Dystopian · YA Series

Divergent by Veronica Roth

In Beatrice Prior’s dystopian Chicago world, society is divided into five factions, each dedicated to the cultivation of a particular virtue — Candor (the honest), Abnegation (the selfless), Dauntless (the brave), Amity (the peaceful), and Erudite (the intelligent). On an appointed day of every year, all sixteen-year-olds must select the faction to which they will devote the rest of their lives. For Beatrice, the decision is between staying with her family and being who she really is — she can’t have both. So she makes a choice that surprises everyone, including herself.

Beatrice Prior’s family values selflessness; they are from the faction of Abnegation (note:  I was totally mispronouncing it in my head until I just had to type it).  In this dystopian world, society is divided into five factions, each representing a particular virtue.  The children are given a test that determines their aptitudes and upon their sixteenth birthday, everyone must choose which faction they will forever be attached to and stay where they are comfortable and loved or renounce their former factions, family and life by choosing a faction they are unfamiliar with except for some stereotypes attributed to that faction. (Whew) If the new initiates do not succeed during training (which varies by each faction), they will become factionless, on the fringes of society; basically homeless and at the mercy of the government.  Beatrice has never felt as altruistic as the rest of her family, who make self-sacrifice look effortless, and she is fascinated by the dauntless, who jump from trains for fun.  She knows she will choose a different faction than her family and feels guilt for it. 

During her aptitude test, she is given inconclusive results, meaning that she had characteristics associated with more than one faction.  The tester seems troubled by her results and informs her she is what is called “Divergent” and implores her to keep her results secret, but records her results as Abnegation.  On Choosing Day, Beatrice opts for the Dauntless faction and is thrust into their world, where initiation begins immediately.  She is taunted for being a “stiff” and wary of her fellow initiates, but really pushes herself to become Dauntless and remain in her new faction despite the cruelly punishing initiation rites because there a only a limited number of spots for new initiates to become members, where their place is secure.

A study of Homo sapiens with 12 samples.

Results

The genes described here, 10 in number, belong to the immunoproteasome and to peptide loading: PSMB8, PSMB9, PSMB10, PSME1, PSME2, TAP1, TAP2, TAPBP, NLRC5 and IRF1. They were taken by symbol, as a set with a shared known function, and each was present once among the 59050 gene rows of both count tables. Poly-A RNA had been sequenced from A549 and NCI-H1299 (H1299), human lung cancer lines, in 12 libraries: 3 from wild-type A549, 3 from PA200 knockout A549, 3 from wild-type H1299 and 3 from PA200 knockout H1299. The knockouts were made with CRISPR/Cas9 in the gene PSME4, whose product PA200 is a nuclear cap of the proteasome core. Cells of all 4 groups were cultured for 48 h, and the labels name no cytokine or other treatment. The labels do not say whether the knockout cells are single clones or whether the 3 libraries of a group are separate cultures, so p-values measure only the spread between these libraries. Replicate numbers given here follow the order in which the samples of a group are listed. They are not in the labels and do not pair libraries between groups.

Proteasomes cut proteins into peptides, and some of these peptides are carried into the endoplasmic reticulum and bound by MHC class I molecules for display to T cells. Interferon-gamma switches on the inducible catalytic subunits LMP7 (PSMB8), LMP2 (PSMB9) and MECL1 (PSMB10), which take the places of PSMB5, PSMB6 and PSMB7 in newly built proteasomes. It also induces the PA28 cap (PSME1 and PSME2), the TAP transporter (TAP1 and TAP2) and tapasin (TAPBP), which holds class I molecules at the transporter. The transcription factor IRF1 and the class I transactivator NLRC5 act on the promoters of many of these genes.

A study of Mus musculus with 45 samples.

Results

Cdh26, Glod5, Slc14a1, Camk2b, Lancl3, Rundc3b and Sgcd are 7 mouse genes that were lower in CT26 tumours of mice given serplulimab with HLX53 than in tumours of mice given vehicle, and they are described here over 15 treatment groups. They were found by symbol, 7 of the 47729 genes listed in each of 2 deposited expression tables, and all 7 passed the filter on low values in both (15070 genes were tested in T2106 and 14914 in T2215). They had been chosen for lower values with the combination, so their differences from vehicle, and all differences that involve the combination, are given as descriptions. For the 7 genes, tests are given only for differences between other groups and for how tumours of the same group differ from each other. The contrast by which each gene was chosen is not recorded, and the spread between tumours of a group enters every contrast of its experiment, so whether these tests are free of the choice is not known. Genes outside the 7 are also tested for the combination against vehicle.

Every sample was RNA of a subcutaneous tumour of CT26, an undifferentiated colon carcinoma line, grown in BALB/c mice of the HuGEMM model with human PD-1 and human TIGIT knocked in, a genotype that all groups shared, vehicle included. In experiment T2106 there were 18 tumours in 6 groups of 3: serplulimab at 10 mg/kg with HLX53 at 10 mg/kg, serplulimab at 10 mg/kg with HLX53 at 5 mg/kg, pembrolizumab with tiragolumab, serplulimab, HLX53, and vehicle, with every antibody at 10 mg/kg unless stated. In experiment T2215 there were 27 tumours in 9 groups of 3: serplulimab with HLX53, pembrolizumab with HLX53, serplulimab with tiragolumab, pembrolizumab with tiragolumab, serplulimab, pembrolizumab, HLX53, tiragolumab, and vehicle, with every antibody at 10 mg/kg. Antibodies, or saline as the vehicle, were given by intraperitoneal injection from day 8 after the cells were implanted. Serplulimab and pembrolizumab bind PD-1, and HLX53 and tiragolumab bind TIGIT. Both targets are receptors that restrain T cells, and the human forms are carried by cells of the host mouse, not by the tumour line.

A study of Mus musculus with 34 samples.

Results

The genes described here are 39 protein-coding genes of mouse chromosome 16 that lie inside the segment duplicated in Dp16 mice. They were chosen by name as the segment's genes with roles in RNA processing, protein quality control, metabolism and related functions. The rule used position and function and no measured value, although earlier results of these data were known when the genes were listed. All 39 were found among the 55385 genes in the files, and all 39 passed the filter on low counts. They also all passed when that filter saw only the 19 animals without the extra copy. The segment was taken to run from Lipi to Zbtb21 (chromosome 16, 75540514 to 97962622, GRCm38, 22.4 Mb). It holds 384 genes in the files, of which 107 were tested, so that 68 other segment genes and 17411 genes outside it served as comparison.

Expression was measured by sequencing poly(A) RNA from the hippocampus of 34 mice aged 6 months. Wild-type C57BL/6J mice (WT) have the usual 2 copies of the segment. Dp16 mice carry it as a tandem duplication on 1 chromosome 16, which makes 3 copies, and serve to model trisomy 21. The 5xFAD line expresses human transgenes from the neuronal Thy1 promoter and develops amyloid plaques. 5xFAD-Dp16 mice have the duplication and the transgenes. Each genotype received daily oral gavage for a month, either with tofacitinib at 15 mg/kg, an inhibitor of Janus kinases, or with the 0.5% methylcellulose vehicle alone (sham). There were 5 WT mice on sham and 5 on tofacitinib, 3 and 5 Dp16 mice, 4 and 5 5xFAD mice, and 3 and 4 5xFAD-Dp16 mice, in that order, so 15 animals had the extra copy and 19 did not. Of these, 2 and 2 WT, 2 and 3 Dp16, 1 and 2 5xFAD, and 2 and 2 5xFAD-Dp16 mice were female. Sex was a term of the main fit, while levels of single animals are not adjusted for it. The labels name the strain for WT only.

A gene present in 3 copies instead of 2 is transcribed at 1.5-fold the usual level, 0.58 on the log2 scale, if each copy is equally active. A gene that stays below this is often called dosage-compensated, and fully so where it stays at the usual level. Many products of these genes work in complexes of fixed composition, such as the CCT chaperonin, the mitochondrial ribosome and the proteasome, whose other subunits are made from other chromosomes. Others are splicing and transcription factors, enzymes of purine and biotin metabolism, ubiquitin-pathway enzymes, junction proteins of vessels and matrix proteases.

I was kind of wary of this book.  Oh, great, another dystopian YA book in which love conquers all and the MC saves the day, even though she is a, GASP, girl!  I’d been putting off reading it because it seemed like more of THE SAME OLD STUFF.  Oho, was I wrong. 

Tris is intense and tenacious and, despite the harrowing circumstances she has to endure and an uncertain future, she kicks serious bahonkey (like my mom used to say).  She is scared and is continually told she won’t make it because she’s small, she’s female and she’s from Abnegation.  Regardless, Tris makes friends (and enemies) and climbs her way up to become one of the top initiates.  She develops a strange relationship with one of her instructors, who annoys and attracts her.  All the while, Tris is keeping this huge secret about her Divergent results and her mother asks her to seek out her brother, who also changed factions from Abnegation to Erudite.  Because of rising tension between the Erudite and the Abnegation, her mother herself isn’t allowed to contact him. She does what she is asked and thus begins the adventure. 

There is a lot more to the story that we (and Tris) aren’t being told.  The gates are locked from the outside, and they really only talk about this one piece of land, which seems to be only the size of a major city (um, it is, it’s Chicago).  What about the rest of the country, or world for that matter.  There is no mention of anyone other than these 5 factions and some of the farmers in the outlying areas, but Tris doesn’t seem to care too much about it other than to be scared of what would happen if she were to become factionless.  I hope we explore more of this in the next novel, which really could take us anywhere. 

This was a hard book to review because I don’t want to give away too much, but I want to express all the right components that make it awesome.  Less than one chapter in, I was completely enthralled.  This five hundred page book was finished in a day.  The only other book that I can honestly think of that took that amount of time to read was Twilight (it was that engaging).

Pecans: 5/5

10 thoughts on “Divergent by Veronica Roth

    1. and what is funny about that is that they really just gloss over the gate being locked from the outside. you know what would make this series even better? zombies. you bet your bahonkey.

  1. I agree with being hesitant to start this. I’m pretty sure some poor reader was delayed in checking this book out from the library because I sat on it for so long. Once I FINALLY picked it up, I didn’t put it down until I was finished. It was great and definitely better than I had hoped for!